As Bankruptcy Looms, Sinclair Sports Networks Consider Launching Streaming Service to Watch Individual Games
Desperation breeds innovation, at least in the case of Diamond Sports Group (DSG). DSG owns and operates the collection of 19 Bally Sports regional sports networks (RSNs), and is currently headed toward a highly complicated debt restructuring plan in bankruptcy court, according to reporting from Bloomberg. DSG itself is in an unusual stalemate with its own parent company Sinclair Broadcast Group (SBG). Diamond has blocked SBG from having any involvement in the day-to-day operations of the RSNs that it technically owns.
As a part of that restructuring plan, DSG and Bally Sports are reportedly considering launching yet another direct-to-consumer (DTC) streaming service. The proposed service would differ from the company’s current DTC offering Bally Sports+, in that it would allow fans to pay to watch individual games, or even parts of games.
That would certainly be an innovative response to DSG’s current financial woes. As it stands, Bally Sports+ has the rights to stream games from five MLB teams, 12 NHL teams, and 16 NBA teams, but users don’t have the option to watch individual games on the service; there’s no indication that they would really want to either.
The trouble for DSG in launching this new service is the same stumbling block it has been running into for months: Major League Baseball. MLB has stated for months that it has no interest in accepting what DSG is willing/able to pay to get streaming rights to more teams. The rights to those teams are crucial to the success of any potential new streaming service for DSG and Bally Sports, because without them there simply won’t be enough inventory to financially justify a new DTC offering.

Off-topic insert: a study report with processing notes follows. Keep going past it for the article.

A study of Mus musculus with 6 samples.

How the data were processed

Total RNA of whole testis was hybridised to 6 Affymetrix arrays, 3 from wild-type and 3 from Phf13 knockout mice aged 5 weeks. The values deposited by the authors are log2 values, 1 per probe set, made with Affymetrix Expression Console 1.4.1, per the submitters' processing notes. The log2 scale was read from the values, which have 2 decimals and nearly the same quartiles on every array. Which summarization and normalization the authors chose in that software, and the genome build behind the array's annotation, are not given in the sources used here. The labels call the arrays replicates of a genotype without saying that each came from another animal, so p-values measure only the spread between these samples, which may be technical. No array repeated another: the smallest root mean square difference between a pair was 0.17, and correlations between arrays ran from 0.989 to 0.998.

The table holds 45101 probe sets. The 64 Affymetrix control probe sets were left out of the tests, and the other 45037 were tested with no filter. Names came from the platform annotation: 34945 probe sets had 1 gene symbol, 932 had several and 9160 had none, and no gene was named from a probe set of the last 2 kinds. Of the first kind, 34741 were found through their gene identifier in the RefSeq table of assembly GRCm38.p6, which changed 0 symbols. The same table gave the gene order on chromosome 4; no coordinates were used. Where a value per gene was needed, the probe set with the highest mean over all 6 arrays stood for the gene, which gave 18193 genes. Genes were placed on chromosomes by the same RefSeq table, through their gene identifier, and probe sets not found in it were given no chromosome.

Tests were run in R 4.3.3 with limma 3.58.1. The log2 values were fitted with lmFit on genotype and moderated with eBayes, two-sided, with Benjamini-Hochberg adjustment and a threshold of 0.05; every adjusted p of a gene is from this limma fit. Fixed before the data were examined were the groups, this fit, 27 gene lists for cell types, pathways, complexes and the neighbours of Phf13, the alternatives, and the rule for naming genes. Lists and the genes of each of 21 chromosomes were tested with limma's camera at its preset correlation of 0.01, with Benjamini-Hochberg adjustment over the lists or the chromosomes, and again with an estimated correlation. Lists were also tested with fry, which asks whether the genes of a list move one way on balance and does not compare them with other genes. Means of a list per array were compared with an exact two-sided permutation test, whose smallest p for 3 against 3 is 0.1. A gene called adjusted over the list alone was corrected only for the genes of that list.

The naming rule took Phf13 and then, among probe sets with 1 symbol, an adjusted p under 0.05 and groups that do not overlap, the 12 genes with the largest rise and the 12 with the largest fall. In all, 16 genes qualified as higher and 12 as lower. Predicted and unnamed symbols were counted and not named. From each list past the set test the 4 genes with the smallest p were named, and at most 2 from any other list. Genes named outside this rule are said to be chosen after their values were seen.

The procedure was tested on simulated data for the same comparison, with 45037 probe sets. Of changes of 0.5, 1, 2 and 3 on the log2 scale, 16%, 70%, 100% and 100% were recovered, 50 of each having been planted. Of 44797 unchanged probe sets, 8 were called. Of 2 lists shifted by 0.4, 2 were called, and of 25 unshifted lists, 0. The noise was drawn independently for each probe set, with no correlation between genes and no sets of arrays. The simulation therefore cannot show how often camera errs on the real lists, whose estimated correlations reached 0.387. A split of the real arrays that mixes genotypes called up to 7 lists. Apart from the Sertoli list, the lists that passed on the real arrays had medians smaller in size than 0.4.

The intransigence of MLB might get worse before it gets better. In mid-January, the league hired former FOX and Sinclair executive Billy Chambers to be its first-ever executive vice president of local media. Chambers was specifically brought on to help better distribute baseball games in local markets, which is the main function of RSNs. Chambers’ hiring combined with MLB’s disputes with DSG has led to speculation that the league might be trying to launch its own DTC service in the near future.
For now, there is little for DSG to do but wait and play out events in bankruptcy court. The company has repeatedly made it clear that it would welcome the addition of major sports leagues as equity partners, and even tried to sell itself outright to the NHL, NBA, and MLB at the end of 2022. Filing for bankruptcy protection while it restructures would offer a temporary reprieve, but it would cause a myriad of issues for sports leagues.
Bankruptcy filing would mean that DSG would not have to pay teams that it currently has rights agreements with until its restructure is complete. That would certainly create even more friction between DSG and those teams, leading an already souring relationship to deteriorate even faster. Sports leagues rely on media rights payments to pay players and cover other crucial aspects of their operations.
Even if Bally Sports and DSG don’t manage to launch a new streaming service, the idea of offering single-game streams is intriguing. If another sports streamer figured out a way to maximize their revenue per user for one game, more companies might be attracted to the idea of offering such limited sports streaming packages in the future.
Bally Sports+ is a direct-to-consumer streaming service that offers live games for those who want access to your local Bally Sports RSN without subscribing to a cable or satellite package.
The service has two plans: a monthly plan for $19.99 a month, or an annual plan for $189.99 per year ($15.83/mo pre-paid annually), after a 7-Day Free Trial.
In areas where fans have access to more than one Bally sports network, an optional bundle allows the addition of a second channel. The monthly total for two RSNs is $29.99/month.
With the service, you can stream your local games from 16 NBA teams and 12 NHL teams.
In addition to NHL and NBA, there are five MLB teams available to stream: Detroit Tigers, Milwaukee Brewers, Miami Marlins, Kansas City Royals, and Tampa Bay Rays. Sinclair has yet to get approval from MLB to stream the rest of the teams that they own the traditional broadcast rights for.
The service is only intended for those who live in-market to their local teams. If you live out-of-market, you will need to subscribe to MLB.TV (MLB), NHL.TV via ESPN+ (NHL), or NBA League Pass (NBA).